Martin Luther King's sons drop lawsuit against sister Bernice

king-children
Part of the Martin Luther King Jr. Inc. Estate lawsuit has been resolved in house.
The brothers, Martin Luther King III and Dexter, decided to drop one of the lawsuits against sister, Dr. Bernice King,
The case was scheduled to go to trial next week.
However, the lawsuit filed against Bernice last year by the estate over ownership of King’s traveling Bible and 1964 Nobel Peace Prize is still pending and is set to go to trial next month. Dexter King said he hopes those issues will also be resolved before a public trial.
According to Dexter King, his older brother, Martin III, chairman of the estate, did not want to haul their sister to court. Dexter said he agreed with his brother to abort the suit in hopes the three can resolve their intra-familial strife in private.
“I understand my brother’s apprehension days before a public trial, and I share those concerns,” Dexter King said in a statement. “None of us want to see the legacy of my parents, or our dysfunction, out on public display.”
The Estate of MLK is headed by King’s younger son Dexter, dismissed a lawsuit it had filed in August 2013 against the Martin Luther King Jr. Center for Nonviolent Social Change, headed by sister and CEO Bernice King.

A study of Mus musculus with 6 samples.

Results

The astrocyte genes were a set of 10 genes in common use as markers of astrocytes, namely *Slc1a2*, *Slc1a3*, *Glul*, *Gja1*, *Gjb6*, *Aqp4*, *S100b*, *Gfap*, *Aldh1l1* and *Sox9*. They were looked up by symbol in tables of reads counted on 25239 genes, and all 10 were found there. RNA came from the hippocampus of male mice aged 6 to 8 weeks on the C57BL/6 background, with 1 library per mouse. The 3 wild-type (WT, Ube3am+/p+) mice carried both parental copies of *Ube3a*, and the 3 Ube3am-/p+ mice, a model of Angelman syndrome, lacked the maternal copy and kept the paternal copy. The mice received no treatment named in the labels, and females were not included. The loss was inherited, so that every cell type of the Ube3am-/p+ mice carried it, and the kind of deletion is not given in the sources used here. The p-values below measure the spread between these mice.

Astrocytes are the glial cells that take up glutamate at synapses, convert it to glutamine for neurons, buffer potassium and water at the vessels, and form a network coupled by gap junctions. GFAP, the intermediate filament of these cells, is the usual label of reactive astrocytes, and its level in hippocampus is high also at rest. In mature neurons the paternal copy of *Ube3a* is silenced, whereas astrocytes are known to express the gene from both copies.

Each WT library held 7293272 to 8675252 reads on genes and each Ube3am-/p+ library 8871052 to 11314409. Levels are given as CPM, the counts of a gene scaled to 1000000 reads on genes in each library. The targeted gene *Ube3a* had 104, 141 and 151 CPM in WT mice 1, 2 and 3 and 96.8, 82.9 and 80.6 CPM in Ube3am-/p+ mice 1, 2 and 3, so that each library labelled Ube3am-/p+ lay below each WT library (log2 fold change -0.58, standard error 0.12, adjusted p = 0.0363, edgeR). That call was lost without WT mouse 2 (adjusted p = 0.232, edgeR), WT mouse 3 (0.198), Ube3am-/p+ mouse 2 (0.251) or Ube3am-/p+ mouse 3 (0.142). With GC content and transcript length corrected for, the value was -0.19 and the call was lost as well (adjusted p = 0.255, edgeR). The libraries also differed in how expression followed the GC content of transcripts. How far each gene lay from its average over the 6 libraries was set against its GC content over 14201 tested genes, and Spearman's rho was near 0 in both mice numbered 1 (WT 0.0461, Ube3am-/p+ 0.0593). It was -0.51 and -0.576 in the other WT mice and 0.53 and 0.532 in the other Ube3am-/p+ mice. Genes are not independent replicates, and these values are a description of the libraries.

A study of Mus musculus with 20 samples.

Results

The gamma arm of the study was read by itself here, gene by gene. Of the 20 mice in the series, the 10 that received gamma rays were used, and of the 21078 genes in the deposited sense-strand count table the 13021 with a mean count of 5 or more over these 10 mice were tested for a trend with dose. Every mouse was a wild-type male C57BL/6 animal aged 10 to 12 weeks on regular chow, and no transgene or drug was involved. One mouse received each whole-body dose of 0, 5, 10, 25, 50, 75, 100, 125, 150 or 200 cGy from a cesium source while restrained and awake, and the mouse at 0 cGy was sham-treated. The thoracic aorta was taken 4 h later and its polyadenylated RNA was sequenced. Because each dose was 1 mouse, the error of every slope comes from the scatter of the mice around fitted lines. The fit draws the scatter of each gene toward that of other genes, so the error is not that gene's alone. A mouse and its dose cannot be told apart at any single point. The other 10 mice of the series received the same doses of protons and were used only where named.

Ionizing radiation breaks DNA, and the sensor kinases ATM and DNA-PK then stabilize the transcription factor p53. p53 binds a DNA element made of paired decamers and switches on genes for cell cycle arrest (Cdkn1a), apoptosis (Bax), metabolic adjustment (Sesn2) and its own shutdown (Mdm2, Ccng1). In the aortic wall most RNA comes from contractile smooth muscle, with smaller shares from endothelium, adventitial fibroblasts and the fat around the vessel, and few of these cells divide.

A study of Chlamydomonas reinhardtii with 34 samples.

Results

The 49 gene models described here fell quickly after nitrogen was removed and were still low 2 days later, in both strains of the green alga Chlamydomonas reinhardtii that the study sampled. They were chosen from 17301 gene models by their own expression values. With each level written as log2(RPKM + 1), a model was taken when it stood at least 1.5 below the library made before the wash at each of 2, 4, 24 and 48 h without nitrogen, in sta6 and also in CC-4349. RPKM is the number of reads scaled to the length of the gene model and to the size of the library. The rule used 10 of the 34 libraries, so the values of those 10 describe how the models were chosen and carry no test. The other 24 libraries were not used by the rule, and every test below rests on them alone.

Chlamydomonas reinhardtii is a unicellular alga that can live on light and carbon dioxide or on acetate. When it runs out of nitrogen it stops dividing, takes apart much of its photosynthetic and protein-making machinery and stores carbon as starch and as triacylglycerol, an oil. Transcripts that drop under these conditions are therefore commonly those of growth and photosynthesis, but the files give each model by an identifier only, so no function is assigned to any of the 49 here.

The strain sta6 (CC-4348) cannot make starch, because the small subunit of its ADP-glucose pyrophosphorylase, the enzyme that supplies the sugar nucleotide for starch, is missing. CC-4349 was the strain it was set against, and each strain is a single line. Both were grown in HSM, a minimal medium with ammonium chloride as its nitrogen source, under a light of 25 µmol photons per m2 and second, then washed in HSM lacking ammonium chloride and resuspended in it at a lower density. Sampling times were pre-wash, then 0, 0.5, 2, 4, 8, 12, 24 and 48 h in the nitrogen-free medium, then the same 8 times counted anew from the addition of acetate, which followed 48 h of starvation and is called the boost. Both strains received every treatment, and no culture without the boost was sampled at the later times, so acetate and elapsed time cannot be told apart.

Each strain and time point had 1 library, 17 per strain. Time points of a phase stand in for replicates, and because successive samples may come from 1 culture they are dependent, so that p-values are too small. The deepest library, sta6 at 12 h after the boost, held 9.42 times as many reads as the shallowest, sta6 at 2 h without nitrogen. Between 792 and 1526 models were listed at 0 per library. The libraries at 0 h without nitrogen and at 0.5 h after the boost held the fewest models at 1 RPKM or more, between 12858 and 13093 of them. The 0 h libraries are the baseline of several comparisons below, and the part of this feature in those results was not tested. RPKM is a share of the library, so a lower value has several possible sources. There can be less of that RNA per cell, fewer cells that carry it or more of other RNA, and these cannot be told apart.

The estate said in its suit that it had granted the King Center a non-exclusive, worldwide, royalty-free license to use King’s name, likeness and image and to publicly exhibit his writings and spoken words. But an audit done in April 2013 revealed that artifacts were being held in unsafe and unsecure conditions and that the terms of the licensing agreement had been violated, the suit said. The suit sought to have the estate’s property returned safely.

“Where they are is they’re trying to find a resolution, and Dexter, in his capacity as the brother of Martin and Bernice, is trying to find a resolution that serves the interests of the estate because they’re all directors of the estate,” estate lawyer William Hill said.
The King Center lawyer James Commons said, “There remains much work to be done in terms of forging a long-lasting resolution between the estate and the center in terms of a licensing agreement between the two entities.”
The three surviving King children are the sole shareholders and directors of their father’s estate. At a board of directors meeting a year ago, the two brothers voted 2-1 against Bernice to sell their father’s Bible and Peace Prize medal.
Bernice King considers the Bible and the Nobel Peace medal among her father’s most treasured possessions and refuses to sell them at any cost.